U.S. employers added a robust 235,000 jobs in February and raised pay at a healthy pace, making it all but certain that the Federal Reserve will raise short-term interest rates next week.
Friday's jobs report from the government made clear that the economy remains on solid footing nearly eight years after the Great Recession ended.
The unemployment rate dipped to a low 4.7 percent from 4.8 percent, the Labor Department said. More people began looking for jobs in February, a sign of confidence that raised the proportion of Americans working or seeking work to the highest level in nearly a year.
The gains in hiring and pay, along with higher consumer and business confidence since the November election, could lift spending and investment in coming months and accelerate economic growth. Americans are buying homes at a solid pace, and manufacturing is rebounding, in part because of improving economies overseas.
The February jobs data likely provides the final piece of evidence the Fed needs to feel confident enough to resume raising rates. A rate increase at the Fed's meeting next week would mark its third hike in 15 months, a reflection of how far the economy has come since the recession ended.
Average hourly pay rose 2.8 percent year over year in February, a decent gain though slightly below historical averages. In a healthy economy, wages typically rise at a roughly 3.5 percent annual pace.
Last month's hiring was boosted by 58,000 additional construction jobs, the most in nearly a decade. That figure was likely enhanced by unseasonably warm weather in much of the nation.
Friday's report was the first to cover a full month under President Donald Trump. During the presidential campaign, Trump had cast doubt on the validity of the government's jobs data, calling the unemployment rate a "hoax." But just minutes after Friday's report was released at 8:30 a.m. Eastern time, Trump retweeted a news report touting the job growth.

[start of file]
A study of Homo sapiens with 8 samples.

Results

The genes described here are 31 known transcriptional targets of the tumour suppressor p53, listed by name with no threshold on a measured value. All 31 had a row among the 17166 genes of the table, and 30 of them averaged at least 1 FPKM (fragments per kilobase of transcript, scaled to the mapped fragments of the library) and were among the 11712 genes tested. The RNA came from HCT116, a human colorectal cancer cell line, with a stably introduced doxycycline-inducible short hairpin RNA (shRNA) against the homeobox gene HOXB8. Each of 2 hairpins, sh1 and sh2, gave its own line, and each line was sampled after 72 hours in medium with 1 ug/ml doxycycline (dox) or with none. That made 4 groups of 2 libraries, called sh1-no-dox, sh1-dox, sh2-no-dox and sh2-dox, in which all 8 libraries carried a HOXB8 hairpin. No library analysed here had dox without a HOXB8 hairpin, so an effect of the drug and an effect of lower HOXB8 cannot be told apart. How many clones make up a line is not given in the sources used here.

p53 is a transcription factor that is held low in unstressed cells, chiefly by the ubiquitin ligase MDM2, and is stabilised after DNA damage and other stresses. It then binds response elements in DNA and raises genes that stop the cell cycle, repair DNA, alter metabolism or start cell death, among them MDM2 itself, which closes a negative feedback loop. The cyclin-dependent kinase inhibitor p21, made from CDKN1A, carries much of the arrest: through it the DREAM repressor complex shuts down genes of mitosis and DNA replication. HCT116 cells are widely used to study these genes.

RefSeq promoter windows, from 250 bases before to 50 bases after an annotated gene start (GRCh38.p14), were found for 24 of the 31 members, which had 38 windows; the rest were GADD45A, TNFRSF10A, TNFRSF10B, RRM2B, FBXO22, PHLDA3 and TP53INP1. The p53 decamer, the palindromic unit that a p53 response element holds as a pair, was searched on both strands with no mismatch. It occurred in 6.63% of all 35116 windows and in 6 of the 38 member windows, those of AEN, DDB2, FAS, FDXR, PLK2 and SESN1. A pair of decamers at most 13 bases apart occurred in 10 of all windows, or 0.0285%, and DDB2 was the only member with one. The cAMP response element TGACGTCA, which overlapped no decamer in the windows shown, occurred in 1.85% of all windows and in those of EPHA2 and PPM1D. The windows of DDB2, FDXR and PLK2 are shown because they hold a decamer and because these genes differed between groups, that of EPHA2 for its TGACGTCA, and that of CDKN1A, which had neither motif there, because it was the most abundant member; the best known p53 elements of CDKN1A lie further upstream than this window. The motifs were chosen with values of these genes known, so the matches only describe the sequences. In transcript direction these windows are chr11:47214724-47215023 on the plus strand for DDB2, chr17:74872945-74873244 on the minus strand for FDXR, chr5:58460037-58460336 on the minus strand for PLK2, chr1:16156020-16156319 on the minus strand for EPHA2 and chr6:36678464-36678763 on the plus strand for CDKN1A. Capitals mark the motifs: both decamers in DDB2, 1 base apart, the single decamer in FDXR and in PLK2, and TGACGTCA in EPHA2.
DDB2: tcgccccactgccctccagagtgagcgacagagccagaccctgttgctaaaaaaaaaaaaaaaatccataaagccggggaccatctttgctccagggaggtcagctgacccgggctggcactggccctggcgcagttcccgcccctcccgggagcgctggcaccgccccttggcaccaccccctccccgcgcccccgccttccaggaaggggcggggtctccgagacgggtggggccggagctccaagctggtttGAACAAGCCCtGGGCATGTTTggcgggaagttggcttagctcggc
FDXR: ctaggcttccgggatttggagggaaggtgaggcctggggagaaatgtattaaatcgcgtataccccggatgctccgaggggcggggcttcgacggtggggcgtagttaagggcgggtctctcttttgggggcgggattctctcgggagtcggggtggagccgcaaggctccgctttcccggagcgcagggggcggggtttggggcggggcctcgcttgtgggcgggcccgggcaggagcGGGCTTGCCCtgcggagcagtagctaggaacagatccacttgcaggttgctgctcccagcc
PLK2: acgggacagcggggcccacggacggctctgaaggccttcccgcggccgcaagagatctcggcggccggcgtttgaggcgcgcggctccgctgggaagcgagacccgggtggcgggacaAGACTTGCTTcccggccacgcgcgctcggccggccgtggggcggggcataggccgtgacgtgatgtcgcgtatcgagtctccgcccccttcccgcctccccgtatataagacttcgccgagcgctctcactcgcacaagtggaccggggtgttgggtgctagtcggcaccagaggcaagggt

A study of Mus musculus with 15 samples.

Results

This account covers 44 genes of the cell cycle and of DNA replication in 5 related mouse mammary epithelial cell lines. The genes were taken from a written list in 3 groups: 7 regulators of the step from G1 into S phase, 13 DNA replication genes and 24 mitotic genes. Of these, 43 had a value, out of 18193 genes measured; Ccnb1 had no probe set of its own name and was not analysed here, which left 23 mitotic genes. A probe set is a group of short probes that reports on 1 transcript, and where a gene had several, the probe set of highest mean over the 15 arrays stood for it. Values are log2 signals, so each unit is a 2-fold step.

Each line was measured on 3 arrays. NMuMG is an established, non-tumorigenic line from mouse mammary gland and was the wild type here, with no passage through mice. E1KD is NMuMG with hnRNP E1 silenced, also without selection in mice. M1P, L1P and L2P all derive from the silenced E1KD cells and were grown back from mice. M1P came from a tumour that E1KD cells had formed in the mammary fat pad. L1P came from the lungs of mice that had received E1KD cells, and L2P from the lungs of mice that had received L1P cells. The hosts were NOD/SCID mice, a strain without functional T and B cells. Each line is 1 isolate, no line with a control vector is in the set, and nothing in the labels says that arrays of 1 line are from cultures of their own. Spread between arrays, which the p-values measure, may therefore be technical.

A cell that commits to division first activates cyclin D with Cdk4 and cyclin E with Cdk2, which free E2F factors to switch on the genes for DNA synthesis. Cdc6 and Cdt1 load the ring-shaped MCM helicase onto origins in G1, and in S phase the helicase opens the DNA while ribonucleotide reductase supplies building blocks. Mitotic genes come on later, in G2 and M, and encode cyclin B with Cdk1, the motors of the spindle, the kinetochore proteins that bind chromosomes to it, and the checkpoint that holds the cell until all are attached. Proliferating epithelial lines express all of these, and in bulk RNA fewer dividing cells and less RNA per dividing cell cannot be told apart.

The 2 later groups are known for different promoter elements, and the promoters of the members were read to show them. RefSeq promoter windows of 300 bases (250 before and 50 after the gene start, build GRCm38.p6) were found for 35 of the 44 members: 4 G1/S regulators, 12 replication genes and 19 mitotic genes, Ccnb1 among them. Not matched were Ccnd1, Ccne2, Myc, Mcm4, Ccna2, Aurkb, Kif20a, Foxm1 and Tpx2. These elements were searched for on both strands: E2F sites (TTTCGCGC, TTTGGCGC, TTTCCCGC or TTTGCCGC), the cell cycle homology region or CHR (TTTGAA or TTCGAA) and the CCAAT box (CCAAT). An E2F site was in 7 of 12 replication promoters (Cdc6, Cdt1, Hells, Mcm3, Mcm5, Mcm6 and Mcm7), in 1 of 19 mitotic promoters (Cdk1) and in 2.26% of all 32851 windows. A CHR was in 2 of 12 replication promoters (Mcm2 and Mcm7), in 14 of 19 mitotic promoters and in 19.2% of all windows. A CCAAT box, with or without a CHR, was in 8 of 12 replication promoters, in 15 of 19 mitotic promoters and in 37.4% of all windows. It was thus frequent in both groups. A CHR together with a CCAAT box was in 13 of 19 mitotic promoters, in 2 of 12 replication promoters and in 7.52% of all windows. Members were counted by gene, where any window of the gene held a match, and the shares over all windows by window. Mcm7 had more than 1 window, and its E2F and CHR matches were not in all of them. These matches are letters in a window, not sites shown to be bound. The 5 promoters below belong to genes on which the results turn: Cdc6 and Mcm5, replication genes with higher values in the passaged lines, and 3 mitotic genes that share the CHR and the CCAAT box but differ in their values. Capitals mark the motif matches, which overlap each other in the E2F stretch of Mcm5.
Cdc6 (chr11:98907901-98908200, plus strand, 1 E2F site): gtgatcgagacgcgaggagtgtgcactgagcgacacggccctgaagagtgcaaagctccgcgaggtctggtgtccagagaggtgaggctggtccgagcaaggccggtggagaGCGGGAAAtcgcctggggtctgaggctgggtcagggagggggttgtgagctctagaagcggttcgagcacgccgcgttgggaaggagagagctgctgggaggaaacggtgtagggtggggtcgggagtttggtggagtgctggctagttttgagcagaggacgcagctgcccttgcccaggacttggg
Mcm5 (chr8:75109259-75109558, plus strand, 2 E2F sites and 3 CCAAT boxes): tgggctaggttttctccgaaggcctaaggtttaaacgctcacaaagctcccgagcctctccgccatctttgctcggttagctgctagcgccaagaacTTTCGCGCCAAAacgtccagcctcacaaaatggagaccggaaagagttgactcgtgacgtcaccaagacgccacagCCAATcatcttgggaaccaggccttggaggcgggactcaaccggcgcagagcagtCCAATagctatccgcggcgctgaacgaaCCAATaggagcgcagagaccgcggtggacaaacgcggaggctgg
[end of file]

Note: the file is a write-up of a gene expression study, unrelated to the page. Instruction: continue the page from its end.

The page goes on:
An array of evidence suggests that the U.S. job market is fundamentally healthy or nearly so. Hiring over the past two months has averaged 237,000, up from last year's monthly average of 187,000.
The number of people seeking first-time unemployment benefits—a rough proxy for the pace of layoffs—reached a 44-year low two weeks ago.
Business confidence has risen since the presidential election, with many business executives saying they expect faster economic growth to result from Trump's promised tax cuts, deregulation and infrastructure spending.
The U.S. economy is also benefiting from steadier economies overseas. Growth is picking up or stabilizing in most European countries as well as in China and Japan.
The 19-nation alliance that uses the euro currency expanded 1.7 percent in 2016, an improvement from years of recession and anemic growth. Germany's unemployment rate has fallen to 3.9 percent, although in crisis-stricken Greece, unemployment remains a painful 23 percent.
In the United States, employers have been hiring solidly for so long that in some industries, they're being compelled to raise pay. Hourly wages for the typical worker rose 3.1 percent in 2016, according to a report this week by the Economic Policy Institute. That's much higher than the 0.3 percent average annual pay gain, adjusted for inflation, since 2007, the EPI said.
Minimum wage increases last year in 17 states and Washington, D.C., helped raise pay among the lowest-paid workers, the EPI found. Pay increases for the poorest 10 percent of workers were more than twice as high in states where the minimum wage rose as in states where it did not.
At the start of 2017, minimum wages rose again in 19 states, a trend that might have helped raise pay last month.
U.S. builders are breaking ground on more homes, and factory production has recovered from an 18-month slump, fueling growth and hiring. In February, manufacturing expanded at the fastest pace in more than two years, according to a trade group. Businesses have stepped up their purchases of industrial equipment, steel and other metals, and computers.
And in January, Americans bought homes at the fastest pace in a decade despite higher mortgage rates. That demand has spurred a 10.5 percent increase in home construction in the past 12 months.